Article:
Wednesday, April 24, 2024

Column: Obama’s body politics

When you combine misogyny and capitalism, you get our current cultural climate: being obsessed with the female body. How much it weighs, how wrinkly it is, how tightened, toned and tanned it is, whether or not the hair on it is “natural,” and how much of it there is.

I’m not going to rant about a culture that objectifies women the way ours does, because everybody’s heard that spiel (though it doesn’t hurt to reiterate, of course). But I’m curious, what exactly does it mean when the target of this kind of objectification is the president of the United States?

This week, Drudge reported that President Obama is “Barack ‘n’ Bones,” and wondered if he was “too thin” to run the country. In the grand scheme of things, this isn’t a big deal and it’s not that I want to make a mountain out of a molehill. The vast majority of people criticizing Obama are doing so based on his policies and actions, not his waist-size. Additionally, there are many people who are actually negatively affected by bodily objectification – just ask people who are discriminated against because of their gender, color, size, or sexual identification or the victims of the Hyde Amendment, which bans federal funding for abortions.

Like I said, in the grand scheme of things, there are issues that are infinitely more important than whether or not Barry is skinny. I’m interested in what Drudge’s coverage says about our culture, not the commander-in-chief’s body.

What does it mean when people think that our president is “too thin” to do his job? How does Obama’s appearance – and we’re assuming they’re making accusations based merely off of his appearance, since no one in the media has access to his medical records, nor should they – affect his ability to govern our nation?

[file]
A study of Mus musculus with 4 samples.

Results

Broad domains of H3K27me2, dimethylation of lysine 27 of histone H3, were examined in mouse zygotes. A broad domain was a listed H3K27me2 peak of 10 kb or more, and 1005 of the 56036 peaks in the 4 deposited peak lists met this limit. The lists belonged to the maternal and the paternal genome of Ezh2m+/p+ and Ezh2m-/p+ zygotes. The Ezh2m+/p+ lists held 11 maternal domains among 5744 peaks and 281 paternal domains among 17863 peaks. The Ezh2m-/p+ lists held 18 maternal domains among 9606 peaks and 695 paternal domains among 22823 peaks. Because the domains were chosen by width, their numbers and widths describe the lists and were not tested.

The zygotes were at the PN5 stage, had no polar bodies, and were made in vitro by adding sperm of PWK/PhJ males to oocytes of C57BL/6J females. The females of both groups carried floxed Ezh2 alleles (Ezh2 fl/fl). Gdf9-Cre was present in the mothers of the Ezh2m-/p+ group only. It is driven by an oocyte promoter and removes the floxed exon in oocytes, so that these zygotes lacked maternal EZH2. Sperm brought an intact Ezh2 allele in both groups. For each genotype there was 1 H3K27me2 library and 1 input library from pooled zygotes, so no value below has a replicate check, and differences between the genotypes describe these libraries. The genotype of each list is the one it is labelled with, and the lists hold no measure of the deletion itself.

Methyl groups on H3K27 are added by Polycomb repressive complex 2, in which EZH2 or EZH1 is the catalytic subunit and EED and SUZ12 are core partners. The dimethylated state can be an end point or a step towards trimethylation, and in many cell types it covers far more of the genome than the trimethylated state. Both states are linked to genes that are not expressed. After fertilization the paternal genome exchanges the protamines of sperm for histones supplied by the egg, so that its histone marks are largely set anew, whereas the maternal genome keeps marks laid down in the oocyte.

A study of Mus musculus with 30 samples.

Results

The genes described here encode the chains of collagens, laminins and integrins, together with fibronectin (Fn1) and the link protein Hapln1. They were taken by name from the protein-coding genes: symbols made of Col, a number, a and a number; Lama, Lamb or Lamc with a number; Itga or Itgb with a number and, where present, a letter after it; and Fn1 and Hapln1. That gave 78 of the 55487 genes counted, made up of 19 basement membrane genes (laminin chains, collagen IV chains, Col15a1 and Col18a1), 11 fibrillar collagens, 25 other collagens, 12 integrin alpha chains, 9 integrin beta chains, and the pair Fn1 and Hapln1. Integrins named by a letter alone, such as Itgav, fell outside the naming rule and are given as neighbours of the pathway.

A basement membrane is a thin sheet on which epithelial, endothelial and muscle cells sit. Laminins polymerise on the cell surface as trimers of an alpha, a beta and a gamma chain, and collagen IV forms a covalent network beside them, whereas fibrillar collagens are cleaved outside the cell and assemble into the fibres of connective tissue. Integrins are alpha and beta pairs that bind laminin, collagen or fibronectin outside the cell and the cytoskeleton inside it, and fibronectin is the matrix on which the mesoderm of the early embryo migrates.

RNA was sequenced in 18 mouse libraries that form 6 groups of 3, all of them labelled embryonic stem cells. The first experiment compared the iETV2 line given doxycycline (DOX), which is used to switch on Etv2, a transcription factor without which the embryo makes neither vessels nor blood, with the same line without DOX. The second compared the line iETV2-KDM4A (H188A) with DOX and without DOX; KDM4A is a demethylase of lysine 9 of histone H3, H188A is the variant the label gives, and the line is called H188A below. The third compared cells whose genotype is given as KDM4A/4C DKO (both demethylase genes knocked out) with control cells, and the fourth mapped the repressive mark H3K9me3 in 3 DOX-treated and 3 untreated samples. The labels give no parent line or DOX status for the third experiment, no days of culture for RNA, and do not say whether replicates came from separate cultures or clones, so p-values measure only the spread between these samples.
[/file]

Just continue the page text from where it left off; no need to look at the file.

Recently, there has been a push in the media to include a more diverse selection of female bodies represented. Can’t argue with that. But the editors of Glamour still questioned the end result of such inclusion: If other bodies besides those of idealized models were represented, “Would female readers, viewers and buyers want it?”

How Glamour’s question is framed is the most important sentence in this column. The attempt of the media to include women of size in its projection of femininity has nothing to do with improving the position of women. It’s not about your self-esteem or your value as an individual. It’s about finding the most efficient method of pumping money out of you.

Now the media (and the Drudge Report is a member of the media, no matter how ugly its website is) has attempted to undermine the president based on the appearance of his body. The paradigm has backfired. By convincing women of two things – that a) their bodies are inherently flawed, and b) their bodies are their most important qualities – the beauty-industrial complex can make money off of us. It’s nothing personal; it’s just business.

But what does it mean when this “business” spills over onto a powerful member of the government?

The various industries that make money off your manufactured insecurities (and we all have them – I shave my legs, even though I don’t feel like I should have to) have affected us to the point that we’ve targeted the body of a powerful, male politician.

I want to reiterate: it’s not Drudge’s claims that interest me, but what these claims are a symptom of. What the media chooses to produce is also symptomatic of the way our society has fetishized the human (particularly female) body. But you know it’s gotten absurd when the attention goes from the general, “acceptable,” targets – women – to the executive-in-chief.

Will this contrast finally bring people to their senses?

HALEY DAVIS knows it sounds really kumbaya, but everyone should love their body. If you want to sing “Kumbaya” with her, she can be reached at hrdavis@ucdavis.edu.